Coming in to 2013, there were ample questions about almost every position that the Cubs could field – most notably starting pitching.
This isn’t exactly a foreign concept for teams who are face deep in a rebuild and the Cubs front office has responded to these questions with a rather successful 2012 offseason, bolstering pitching talent. This talent has shone through in the likes of Edwin Jackson and Scott Feldman, who was recently flipped to the Orioles as a trade leverage piece.
The largest gap in the Cubs rotation was addressed when RHP Matt Garza was dealt to the Texas Rangers with Carlos Villaneuva coming out of the bullpen and the addition of Chris Rusin from AAA Iowa. Both these moves made sense considering the Cubs’ current pieces and the pitching talent available without using options or making a trade.
Chris Rusin was able to make his second start of the season since July 2nd when he was roughed up by the Oakland A’s. There was a lot of doubt going in to the July 22nd game where Rusin was facing an Arizona Diamondbacks squad who boast some solid batting talent in their lineup.
Well, turns out Rusin pitched a 5 strong, surrendering only 2 hits, 2 earned, 2 walks and 4 Ks to earn the win and looked downright good in the process.
Rusin had batters chasing balls on both sides of the place, mixing speeds and attacking inside with the sinker on a lot of hitters. It came as a bit of a shock to me considering how frail he’s looked in the past but hey, credit earned where credit is due. He pitched a damned good game. (Note: Junior Lake was an animal that game, which helped boost Rusin to the win column as 5.0 IP isn’t usually enough to get the job done)
Rusin has done his fair share of bouncing around from AAA to the bigs in the last 2 years and can’t quite seem to find a landing pad. With the void in the Cubs’ starting rotation, could this be Rusin’s golden opportunity to remain a major leaguer? Let’s break this thing down a little further.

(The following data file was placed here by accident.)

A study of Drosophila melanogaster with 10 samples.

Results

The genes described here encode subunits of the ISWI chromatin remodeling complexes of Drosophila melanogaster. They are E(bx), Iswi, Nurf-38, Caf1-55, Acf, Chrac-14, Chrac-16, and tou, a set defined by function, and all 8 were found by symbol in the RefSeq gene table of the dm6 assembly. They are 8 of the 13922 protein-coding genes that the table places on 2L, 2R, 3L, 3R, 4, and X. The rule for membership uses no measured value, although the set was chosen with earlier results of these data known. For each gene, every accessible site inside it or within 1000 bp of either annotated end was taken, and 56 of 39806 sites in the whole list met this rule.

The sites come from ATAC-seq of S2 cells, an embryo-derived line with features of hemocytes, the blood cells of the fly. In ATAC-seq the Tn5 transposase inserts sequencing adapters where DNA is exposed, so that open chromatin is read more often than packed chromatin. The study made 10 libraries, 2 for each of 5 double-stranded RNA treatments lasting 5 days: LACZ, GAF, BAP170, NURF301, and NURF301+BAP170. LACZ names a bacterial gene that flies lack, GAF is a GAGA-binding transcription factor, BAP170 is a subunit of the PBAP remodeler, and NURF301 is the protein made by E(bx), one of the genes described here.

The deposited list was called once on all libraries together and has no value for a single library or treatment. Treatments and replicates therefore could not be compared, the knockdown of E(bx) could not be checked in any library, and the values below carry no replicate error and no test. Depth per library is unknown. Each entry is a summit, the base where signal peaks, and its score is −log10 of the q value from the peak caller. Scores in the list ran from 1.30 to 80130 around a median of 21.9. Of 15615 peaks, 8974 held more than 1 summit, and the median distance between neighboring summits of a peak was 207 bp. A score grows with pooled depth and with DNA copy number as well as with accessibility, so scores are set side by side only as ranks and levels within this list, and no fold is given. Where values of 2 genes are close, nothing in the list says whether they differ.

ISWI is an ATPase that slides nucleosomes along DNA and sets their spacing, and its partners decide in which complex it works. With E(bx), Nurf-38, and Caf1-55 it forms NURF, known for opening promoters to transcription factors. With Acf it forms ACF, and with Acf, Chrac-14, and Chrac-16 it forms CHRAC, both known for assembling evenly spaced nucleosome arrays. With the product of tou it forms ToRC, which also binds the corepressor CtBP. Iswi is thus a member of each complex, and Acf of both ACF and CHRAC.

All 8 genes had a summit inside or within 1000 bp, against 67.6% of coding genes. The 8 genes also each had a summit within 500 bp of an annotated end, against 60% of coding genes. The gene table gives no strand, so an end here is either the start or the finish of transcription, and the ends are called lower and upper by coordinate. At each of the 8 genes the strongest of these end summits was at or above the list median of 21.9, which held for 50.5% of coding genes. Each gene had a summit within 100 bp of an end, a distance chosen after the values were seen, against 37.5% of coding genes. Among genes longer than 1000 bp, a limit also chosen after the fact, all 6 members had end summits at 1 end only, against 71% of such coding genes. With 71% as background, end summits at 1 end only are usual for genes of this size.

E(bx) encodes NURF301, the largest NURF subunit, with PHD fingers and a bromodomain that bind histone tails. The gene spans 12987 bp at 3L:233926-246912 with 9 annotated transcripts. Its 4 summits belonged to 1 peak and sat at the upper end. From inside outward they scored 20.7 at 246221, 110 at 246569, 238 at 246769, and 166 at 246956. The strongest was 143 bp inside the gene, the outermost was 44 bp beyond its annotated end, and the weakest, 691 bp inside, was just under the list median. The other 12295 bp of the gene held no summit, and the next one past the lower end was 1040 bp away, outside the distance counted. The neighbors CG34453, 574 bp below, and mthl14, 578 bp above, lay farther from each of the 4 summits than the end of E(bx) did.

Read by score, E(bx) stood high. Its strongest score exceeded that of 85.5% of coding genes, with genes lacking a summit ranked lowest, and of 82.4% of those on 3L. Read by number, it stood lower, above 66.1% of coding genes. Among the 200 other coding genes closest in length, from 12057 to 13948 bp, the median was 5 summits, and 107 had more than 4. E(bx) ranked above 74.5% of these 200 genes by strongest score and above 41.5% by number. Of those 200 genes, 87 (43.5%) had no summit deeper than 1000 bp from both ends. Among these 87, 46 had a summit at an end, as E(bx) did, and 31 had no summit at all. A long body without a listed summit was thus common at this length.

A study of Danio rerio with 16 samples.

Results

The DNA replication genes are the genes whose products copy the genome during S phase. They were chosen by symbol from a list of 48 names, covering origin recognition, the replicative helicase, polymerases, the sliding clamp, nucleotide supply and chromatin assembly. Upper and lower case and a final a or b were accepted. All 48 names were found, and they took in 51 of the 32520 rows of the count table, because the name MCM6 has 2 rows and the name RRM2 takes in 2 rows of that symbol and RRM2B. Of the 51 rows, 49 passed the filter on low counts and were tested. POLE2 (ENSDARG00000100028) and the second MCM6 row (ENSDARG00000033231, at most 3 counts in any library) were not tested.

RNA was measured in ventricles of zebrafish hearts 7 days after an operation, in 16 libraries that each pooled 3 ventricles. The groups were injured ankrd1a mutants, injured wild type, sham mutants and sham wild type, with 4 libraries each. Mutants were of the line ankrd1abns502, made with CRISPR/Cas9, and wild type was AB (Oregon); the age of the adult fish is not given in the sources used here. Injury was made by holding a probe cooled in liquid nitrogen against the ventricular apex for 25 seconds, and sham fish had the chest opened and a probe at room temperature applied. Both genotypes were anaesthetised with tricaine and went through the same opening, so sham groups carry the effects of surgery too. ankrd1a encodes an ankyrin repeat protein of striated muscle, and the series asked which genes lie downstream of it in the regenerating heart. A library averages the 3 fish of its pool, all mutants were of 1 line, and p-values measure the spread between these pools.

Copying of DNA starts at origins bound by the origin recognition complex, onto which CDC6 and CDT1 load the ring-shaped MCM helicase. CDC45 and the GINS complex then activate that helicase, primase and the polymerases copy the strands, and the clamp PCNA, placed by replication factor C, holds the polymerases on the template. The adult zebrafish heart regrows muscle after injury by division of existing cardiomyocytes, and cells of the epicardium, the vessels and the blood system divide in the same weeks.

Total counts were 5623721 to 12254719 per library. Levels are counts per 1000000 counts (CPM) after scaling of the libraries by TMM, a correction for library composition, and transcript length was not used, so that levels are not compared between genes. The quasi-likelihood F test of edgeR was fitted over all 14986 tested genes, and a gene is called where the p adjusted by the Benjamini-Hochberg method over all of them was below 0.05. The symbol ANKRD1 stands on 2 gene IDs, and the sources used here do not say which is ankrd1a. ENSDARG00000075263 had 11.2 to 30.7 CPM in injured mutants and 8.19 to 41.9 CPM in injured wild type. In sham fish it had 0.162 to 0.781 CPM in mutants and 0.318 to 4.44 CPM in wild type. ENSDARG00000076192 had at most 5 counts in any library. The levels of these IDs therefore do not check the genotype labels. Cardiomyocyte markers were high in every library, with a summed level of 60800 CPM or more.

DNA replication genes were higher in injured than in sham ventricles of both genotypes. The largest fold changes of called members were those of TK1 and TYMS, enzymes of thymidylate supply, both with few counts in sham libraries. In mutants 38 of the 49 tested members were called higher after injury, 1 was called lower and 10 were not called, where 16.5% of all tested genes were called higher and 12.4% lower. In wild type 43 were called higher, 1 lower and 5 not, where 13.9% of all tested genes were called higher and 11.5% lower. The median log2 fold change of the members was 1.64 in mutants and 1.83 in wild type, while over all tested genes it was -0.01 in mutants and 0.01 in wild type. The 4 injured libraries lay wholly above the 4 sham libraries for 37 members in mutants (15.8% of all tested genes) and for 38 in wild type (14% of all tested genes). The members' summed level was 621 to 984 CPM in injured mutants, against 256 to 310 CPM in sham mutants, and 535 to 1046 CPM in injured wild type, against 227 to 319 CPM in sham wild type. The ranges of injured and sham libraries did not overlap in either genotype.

Rusin’s mix is interesting in the sense that he relies on what a lot of people call “fringe pitches”. Most pitchers coming up from the minors usually have a 4-seam fastball as their primary pitch as it’s easy to locate and tends to be a good baseline of their skills. However, Rusin takes that mentality and tosses out the window. His go to pitch is a sinker which clocks in at 89 mph and is thrown almost 1/3 of all his pitches. He then has a cutter (84 mph) and a 4-seam fastball (89mph).
Wait, his sinker and fastball are the same speed? What gives?
The mechanics of the sinker don’t exactly require the pitcher to throw it any less hard to have the “sink” effect, so by keeping his velocity at the same speed as his fastball, it adds an extra bit of guess work to the batter’s workload at the dish. A guy like Rusin won’t be blowing balls by any batters anytime soon, so he mitigates this by throwing lots of cutters. It’s all about keeping your opposition off balance and tweak their timing.
Rusin also throws a changeup at 80 mph but it’s rare. Arguably, he’s a three pitch player.
So considering his mix and experience in AAA (3.35 ERA in 18 starts/2013), could Rusin be a permanent player in the Cubs rotation going forward?
As of right now, I’m tempted to say no mostly because it’s way too early to pull the trigger on a guy like Rusin just yet. He’s skilled, has a very strong pitching IQ and tends to keep the ball low in the zone – all attributes that an MLB club will want. But considering his up and down nature as of right now, he still needs work to do before he can be a permanent fixture in the MLB.
Rusin’s time in Chicago has a lot to do with void in Cubs’ pitching talent, especially with the Scott Baker injury. He’s in Chicago gaining experience, getting comfortable and doing a pretty good job but can’t be trusted with the nod all the time. Developmentally, he’s well on his way but he needs more time before he can be considered for a permanent rotation spot.
One of the biggest issues with keeping Rusin in the bigs is his velocity. Really skilled hitters will read the sinker as it comes to the plate and will be able to square up his fastball if he misses his location. Rusin is an “all or nothing” kind of player right now, and if he is missing his spots, he’s going to be shelled. Refining this pitching style takes time and a lot of practice, both of which Rusin is putting in right now.
Keep an eye out for Rusin. The Cubs’ brass tend to have a taste for sinkerballers (Feldman being a prime example, as well as the Chris Volstad experiment) and could look use his low-zone dominance to produce effective outs. Ground balls are never a bad thing, especially when you have a system loaded with infielders like the Cubs do.